Tuesday, September 29, 2015

Literary? Commercial?

A thoughtful writer posted that he can’t get agents to respond to his literary manuscript, and is choosing to revise it and fashion a more commercial way to tell the story. He asked if others have gone that route to eventual publication.


In response, another writer shared a link to an article on BuzzFeed Books. It’s a parody of a critique group member offering Jane Austen feedback on her supposed yet-to-be-published manuscript called Pride and Pejudice.

It’s hilarious, and it’s also spot-on. All who commented on it agreed they have gotten and given such. Red-face and phooey on us all.

This got me thinking about how important a backbone is to artists. Maybe to all people, but especially for those who are guaranteed to face a lot of rejection.

Art is never made without great vision. Getting and considering feedback is a good idea, but losing sight of your vision will guarantee failure. Commercial books are written by committee, even if it’s a committee of one with only echoes of the voices of others.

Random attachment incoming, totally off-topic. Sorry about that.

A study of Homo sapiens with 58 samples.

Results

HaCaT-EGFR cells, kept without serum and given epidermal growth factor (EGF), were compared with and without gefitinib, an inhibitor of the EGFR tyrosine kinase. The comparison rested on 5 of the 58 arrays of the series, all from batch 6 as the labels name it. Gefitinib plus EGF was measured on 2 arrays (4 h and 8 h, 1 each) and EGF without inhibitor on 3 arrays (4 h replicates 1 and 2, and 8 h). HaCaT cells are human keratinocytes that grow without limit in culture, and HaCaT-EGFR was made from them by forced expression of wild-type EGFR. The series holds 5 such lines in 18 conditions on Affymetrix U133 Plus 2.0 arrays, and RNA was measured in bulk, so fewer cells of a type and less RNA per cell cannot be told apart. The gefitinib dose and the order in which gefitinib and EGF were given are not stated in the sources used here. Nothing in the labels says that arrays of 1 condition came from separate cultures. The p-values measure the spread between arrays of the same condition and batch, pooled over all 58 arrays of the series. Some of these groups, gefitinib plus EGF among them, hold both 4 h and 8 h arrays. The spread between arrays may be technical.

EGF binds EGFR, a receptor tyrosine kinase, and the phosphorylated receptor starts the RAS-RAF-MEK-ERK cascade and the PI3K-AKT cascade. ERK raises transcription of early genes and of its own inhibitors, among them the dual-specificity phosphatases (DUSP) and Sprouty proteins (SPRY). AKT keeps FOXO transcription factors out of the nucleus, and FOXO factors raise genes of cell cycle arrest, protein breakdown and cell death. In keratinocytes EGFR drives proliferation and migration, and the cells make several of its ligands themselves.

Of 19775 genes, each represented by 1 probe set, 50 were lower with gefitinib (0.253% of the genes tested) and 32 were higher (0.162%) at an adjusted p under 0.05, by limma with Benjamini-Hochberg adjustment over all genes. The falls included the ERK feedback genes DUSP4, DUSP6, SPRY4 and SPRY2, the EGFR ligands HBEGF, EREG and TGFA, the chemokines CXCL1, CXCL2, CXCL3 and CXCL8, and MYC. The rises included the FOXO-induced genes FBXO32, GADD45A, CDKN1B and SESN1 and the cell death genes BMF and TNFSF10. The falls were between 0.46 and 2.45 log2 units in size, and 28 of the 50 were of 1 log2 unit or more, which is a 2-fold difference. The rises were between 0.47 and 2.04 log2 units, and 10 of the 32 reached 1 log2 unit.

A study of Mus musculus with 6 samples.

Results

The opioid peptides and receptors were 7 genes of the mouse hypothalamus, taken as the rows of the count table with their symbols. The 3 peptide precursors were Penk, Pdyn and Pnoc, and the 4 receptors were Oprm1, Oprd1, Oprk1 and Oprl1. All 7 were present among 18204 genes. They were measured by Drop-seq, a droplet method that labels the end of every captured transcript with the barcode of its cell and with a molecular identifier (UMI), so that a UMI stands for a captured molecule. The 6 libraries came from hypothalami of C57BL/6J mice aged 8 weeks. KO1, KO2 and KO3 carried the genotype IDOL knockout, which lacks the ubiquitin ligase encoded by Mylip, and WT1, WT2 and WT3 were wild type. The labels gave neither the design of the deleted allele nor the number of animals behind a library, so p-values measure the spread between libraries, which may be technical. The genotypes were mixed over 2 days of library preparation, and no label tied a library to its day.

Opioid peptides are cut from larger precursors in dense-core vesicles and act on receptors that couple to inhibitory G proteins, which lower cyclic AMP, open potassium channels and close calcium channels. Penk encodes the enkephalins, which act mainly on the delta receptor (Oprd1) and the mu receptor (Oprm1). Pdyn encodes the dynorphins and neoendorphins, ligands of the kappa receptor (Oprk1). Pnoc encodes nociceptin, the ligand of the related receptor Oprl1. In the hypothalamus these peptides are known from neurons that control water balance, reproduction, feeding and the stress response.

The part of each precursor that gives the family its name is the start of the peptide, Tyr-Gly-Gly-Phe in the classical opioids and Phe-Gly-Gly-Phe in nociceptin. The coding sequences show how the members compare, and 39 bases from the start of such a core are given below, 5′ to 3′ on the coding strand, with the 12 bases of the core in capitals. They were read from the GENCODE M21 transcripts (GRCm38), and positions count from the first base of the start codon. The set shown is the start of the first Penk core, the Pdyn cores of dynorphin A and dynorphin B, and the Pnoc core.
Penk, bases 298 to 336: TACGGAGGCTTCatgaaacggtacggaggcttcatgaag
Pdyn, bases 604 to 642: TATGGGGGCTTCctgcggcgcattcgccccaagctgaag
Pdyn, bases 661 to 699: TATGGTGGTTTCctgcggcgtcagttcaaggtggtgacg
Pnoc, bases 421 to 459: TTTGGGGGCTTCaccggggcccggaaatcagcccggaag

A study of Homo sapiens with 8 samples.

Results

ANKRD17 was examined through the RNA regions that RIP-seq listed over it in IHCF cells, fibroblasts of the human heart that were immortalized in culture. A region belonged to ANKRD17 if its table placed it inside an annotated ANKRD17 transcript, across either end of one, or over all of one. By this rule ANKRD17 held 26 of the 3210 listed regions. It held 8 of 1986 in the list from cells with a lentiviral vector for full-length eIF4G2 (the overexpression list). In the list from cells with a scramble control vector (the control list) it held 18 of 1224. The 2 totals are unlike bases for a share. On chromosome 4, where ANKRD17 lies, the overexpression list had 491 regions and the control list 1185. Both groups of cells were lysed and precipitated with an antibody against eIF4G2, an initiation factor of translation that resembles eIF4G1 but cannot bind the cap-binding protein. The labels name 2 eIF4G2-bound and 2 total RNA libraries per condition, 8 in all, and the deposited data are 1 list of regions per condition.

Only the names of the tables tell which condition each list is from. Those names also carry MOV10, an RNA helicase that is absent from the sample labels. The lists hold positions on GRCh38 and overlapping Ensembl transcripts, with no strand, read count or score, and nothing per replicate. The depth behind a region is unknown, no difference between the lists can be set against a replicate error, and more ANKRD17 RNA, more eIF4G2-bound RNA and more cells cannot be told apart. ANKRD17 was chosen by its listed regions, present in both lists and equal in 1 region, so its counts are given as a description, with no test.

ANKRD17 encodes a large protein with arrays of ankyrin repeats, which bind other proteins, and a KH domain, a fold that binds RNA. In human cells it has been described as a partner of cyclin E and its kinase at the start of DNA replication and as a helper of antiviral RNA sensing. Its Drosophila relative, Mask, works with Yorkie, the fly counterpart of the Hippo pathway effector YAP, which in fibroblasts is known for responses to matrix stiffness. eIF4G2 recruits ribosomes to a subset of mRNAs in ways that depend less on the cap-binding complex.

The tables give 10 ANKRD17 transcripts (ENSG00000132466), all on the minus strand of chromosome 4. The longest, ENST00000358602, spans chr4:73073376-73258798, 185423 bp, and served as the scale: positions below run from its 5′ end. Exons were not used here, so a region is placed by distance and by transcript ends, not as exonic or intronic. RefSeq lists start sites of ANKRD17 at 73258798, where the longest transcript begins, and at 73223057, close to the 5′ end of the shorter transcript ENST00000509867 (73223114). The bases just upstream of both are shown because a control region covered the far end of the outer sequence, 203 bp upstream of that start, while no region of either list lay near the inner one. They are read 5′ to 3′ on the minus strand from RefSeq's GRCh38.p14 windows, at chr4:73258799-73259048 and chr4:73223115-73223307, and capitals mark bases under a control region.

What is a legitimate concern for writers of literary books is that they communicate well. To this end— the input of others can be of enormous help. But it saddens me when the voices of commerce become gospel.


10 comments:

  1. Honestly, I live by telling the stories I need to tell. If they don't get picked up, that's fine. I'll put them out myself, because I write for me. Of course I love when others love my work, but I know not everyone will. Some books have a small niche, and there's nothing wrong with that.




    But boy, you've got to write what you need to ... but there's no rule that says you have to be one or the other. Some of the best stuff is commercially viable and of high literary quality.